Did you know that according to the U.S. Geological Survey, about 85 percent of American households have hard water, including homes with both city water and well water? That means that 85 percent of households deal with things like lower water pressure, inefficient appliances, and calcium buildup in pipes.
However, there’s no need to worry about these problems when a simple solution exists. Hard water can be fixed via water softener installation — in fact, a water softener is the only true way to eliminate mineral buildup in your household’s water supply. So, what is a water softener, and how do they work? Read on to discover more information about these stupendous systems!
What Is Hard Water?
Let’s start at the beginning of the problem: do we even understand what hard water is? If you never had a water softener in your home, you may not even realize that you are living every day with “hard water.” Hard water sounds odd, doesn’t it? How can water be hard? Well, the term hardness means that your water is full of minerals that can stick to anything that they touch, such as your pipes, your water heater, your dishwasher, and even your body.
Some issues are more of an irritant rather than problematic for your home. These issues include things like dry skin, your laundry may not be as bright in color, or shampoo doesn’t lather up very well. While these things are certainly a pain, they may not drive you to go out and buy a softener today.
Then some issues occur because of hard water that is problematic for your home and can cause serious long-term damage. As water runs through your pipes, the hard water hits showerheads, icemakers, washing machines, water heaters, boilers, and dishwashers. Hard water leaves behind hard, crusty mineral deposits. At first, these small deposits may be visually displeasing but are harmless, but over time they build up and eventually clog pipes, seize valves, plug shower heads, and more. In extreme cases, hard-water deposits can dramatically restrict the water flow, which puts undue pressure on the whole plumbing system. The deposits also build up in places like your water heater shortening the life span of that appliance and others.
For people who rely on hard water for cooking, cleaning, and bathing, water softeners serve a vital purpose. A water softener saves you from replacing prematurely ruined water heaters, scaly faucet heads, and hours and hours of cleaning up soapy residue. Investing in a water softener saves you time, energy, and money and protects your home and your property.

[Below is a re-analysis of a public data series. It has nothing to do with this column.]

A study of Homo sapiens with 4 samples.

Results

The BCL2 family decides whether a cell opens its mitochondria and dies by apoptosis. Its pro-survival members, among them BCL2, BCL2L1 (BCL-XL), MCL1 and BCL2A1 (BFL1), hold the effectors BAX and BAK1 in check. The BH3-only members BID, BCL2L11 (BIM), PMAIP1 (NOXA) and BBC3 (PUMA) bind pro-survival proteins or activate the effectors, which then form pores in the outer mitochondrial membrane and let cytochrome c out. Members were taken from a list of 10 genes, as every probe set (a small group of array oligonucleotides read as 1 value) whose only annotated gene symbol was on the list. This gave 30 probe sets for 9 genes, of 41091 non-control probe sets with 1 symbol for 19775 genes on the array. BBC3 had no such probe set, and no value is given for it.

What Is a Water Softener?
At its core, a water softener can be explained in one sentence: A water softener is a whole-house filtration system that removes hardness-causing calcium and magnesium minerals from your water through a process called ion exchange. But does anyone who doesn’t work in the water treatment industry understand what that sentence actually means? I didn’t think so.
Water softeners come in a variety of sizes and styles to accommodate the size of your home and family. The softener is installed in the basement, garage, utility closet, or wherever water enters the house. At Kel Tren WaterCare, our standard water softener is a style called the CareSoft Pro Water Softener. There are a few main components that make up a water softener, the first is the large skinny fiberglass tank. This tank comes in a variety of sizes that we adjust based on the quality of your water, the amount of water being used, and the size of the house.
What’s Inside a Water Softener Tank?
Wondering what’s inside a water softener tank? We’re here to give you an “inside look!” Inside a typical water softener tank is a resin that performs the ion exchange process. Water softeners also have a separate tank that sits beside the resin tank called the “brine tank.” This tank is vital in the water softening process (in order to keep an adequate level of softening salts in your water softening system, you will need periodic salt delivery).
How Does a Water Softener Work?
The next question you may be asking is, “how does a water softener work?” Here’s the short version of a relatively complex process: As water moves through the large resin tank, the resin beads attract the positively charged minerals in the water (a process known as ion exchange). The resin grabs onto all the mineral deposits and leaves only softened water to flow through to the house. The next step in the process is the regeneration process which includes the brine tank. Throughout the day, brine is created and flows through the resin tank during times when the system is not in active use. The sodium then exchanges its place with the minerals trapped in the resin; then, everything is drained out via a discharge hose.
Can Water Softeners Remove More Than Just Calcium?
Water softeners typically contain what is called a “selective resin,” which means that the resin picks and chooses what it can remove based on capacity. This means that the water softener can take care of a lot more than just hard water minerals. The resin will primarily remove calcium and magnesium ions from hard water. If capacity allows, the ion exchange process will furthermore attract other minerals, such as iron and manganese.
How Do I Get a Water Softener?
That’s the easiest question of the day: all you have to do is give us a call at Kel Tren WaterCare! We will come out to your home, run tests for water safety in Philadelphia, give our best recommendations, and get you the quality water that you deserve. We guarantee to size your water softener appropriately, only treat your water with systems that your home needs, and never oversell you! Call us today to schedule your free in-home estimate and get better water tomorrow!